By Rob Ollikainen
Peninsula Daily News
Want more top stories? Sign up here for daily or weekly newsletters with our top news.
Kathy Wahto, executive director of Serenity House of Clallam County, presented statistics from the 2014 point-in-time homeless count at the county commissioners' work session Monday.
The one-week survey of the homeless, taken by volunteers in January, is part of a draft 2014 report card on homelessness.
“I just can't underestimate how much demand has increased because of the prolonged impacts of the recession,” Wahto told the three commissioners.
“The lack of jobs, lost jobs, even in the Sequim area, have really impacted people.”
Demand for housing assistance at resource centers in Port Angeles, Sequim and Forks spiked 50 percent from the first quarter of 2013 to the first quarter of this year, Wahto said.
“Maybe we thought 2013 was a bad as it was going to get, but I think we're seeing 2014 is going to be a huge concern,” she added.
“And a lot of it is that bigger issue around the economy. Housing and services can only do so much if there aren't jobs for people and they can't build their household income.”
According to the countywide homeless count, there were 352 homeless or at risk of being homeless in January, including 59 who were living on the streets, in cars or in tents.
That compares to 407 homeless or at-risk people counted in January 2013, 38 of whom were unsheltered.
“The biggest problem that we see is a growth in people who are literally homeless — unsheltered, on the street, in tents, in cars,” Wahto said.
“And by far the biggest concern for us is this year is more of them were families with children. Literally homeless grew across the state, but for most communities, it was single individuals.”
After the meeting, Wahto said the growing number of homeless children is “disturbing,” and that demand for homeless services “feels like it's kind of a rising tide of a problem.”
Peninsula Housing Authority Executive Director Kay Kassinger told commissioners that demand for affordable housing continues to be a challenge.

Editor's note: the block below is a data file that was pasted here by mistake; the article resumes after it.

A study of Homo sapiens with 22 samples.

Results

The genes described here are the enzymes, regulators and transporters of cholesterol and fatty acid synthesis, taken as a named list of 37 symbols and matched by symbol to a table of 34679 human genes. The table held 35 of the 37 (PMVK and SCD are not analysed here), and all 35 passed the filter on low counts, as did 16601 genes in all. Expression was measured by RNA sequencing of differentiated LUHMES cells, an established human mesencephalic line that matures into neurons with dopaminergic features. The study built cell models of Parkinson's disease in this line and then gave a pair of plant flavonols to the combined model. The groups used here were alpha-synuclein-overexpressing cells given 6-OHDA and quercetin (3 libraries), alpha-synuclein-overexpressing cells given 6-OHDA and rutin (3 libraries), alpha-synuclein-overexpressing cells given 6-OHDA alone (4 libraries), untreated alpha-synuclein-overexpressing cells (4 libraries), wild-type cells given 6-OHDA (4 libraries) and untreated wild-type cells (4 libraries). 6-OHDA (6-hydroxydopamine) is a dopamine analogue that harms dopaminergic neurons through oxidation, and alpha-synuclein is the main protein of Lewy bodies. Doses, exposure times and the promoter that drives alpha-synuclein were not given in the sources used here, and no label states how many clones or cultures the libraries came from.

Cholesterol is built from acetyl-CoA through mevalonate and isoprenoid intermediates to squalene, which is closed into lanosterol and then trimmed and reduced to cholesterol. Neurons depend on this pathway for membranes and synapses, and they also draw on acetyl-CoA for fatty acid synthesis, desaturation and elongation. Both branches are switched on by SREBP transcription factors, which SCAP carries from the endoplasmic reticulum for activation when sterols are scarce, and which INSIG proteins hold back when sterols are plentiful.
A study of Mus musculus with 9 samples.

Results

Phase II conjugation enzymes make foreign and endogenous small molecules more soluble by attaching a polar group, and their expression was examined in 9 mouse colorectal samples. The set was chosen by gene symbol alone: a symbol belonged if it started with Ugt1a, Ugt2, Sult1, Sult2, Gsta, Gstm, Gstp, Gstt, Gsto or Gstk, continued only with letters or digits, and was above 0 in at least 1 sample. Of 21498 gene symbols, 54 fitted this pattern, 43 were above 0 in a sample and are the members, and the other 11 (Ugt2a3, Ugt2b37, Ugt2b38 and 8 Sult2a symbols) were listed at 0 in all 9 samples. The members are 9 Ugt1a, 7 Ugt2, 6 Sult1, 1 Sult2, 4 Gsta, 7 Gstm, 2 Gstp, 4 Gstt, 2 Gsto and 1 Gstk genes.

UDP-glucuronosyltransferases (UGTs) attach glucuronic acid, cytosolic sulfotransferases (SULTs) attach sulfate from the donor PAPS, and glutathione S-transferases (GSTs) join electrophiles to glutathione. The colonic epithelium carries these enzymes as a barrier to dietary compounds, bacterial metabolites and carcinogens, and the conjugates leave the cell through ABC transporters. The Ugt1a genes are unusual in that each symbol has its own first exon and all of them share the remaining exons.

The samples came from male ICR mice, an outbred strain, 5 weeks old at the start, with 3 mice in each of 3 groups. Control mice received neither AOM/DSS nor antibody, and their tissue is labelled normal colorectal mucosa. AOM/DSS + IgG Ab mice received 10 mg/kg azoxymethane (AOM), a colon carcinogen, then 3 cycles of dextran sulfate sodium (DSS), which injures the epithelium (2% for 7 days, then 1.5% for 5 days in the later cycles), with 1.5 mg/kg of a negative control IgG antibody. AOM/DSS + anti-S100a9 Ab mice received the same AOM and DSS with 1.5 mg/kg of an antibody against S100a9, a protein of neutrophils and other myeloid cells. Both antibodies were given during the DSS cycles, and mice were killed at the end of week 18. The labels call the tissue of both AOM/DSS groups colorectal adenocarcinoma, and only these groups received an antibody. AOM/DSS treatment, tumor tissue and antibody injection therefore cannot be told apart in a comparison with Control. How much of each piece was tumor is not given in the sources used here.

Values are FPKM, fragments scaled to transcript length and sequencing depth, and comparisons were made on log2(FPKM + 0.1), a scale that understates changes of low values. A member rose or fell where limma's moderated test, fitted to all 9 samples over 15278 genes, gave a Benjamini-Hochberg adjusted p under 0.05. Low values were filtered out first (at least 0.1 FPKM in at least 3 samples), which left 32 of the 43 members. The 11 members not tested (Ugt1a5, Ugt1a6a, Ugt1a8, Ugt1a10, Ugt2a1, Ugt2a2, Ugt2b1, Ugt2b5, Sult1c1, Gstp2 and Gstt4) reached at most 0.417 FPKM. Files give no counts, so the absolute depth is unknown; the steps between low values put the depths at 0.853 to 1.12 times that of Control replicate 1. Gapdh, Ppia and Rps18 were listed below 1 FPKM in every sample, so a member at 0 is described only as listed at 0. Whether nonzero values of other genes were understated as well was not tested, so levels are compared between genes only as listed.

“Our wait lists are getting longer just because of the demand,” she said.
To help meet that demand, the Peninsula Housing Authority is building 13 units of affordable housing in Gales Addition east of Port Angeles, Kassinger told commissioners.
It is also working with the North Olympic Regional Veteran's Housing Network in Forks to create four units of affordable housing for homeless veterans with families.
“Funding is always a challenge,” Kassinger said.
The Clallam County Homelessness Task Force continues to work with shelter providers to meet an ambitious 10-year goal of ending homelessness in Clallam County by 2016.
The Shelter Providers Network of Clallam County will discuss the 10-year plan as part of its 2014 planning forum Wednesday.
The public forum will be from 9 a.m. to 1 p.m. in the lower level of the Holy Trinity Lutheran Church, 301 Lopez Ave., in Port Angeles, with registration beginning at 8:30 a.m.
The forum's agenda:
■ 9:10 a.m. — Wahto and Kassinger will discuss the annual report card on homelessness and challenges to the plan for ending homelessness.
■ 10 am. — Amy Smith, executive director of the Port Townsend-based Boiler Room, will provide a keynote address on putting young lives back on track.
■ 10:40 am. — Specialty Services Director Sally Beaven, Clallam County Drug Court Coordinator Stormy Howell and Dee Dee Hansen of Peninsula Behavioral Health will discuss building capacity to address the behavioral side of homelessness.
■ 11:20 a.m. — United Way of Clallam County Executive Director Jody Moss will present legislative recognition awards and look ahead to the 2015 legislative session.
■ 11:30 a.m. — General discussion on meeting the challenges in the final years of the 10-year plan to end homelessness.
Reporter Rob Ollikainen can be reached at 360-452-2345, ext. 5072, or at firstname.lastname@example.org.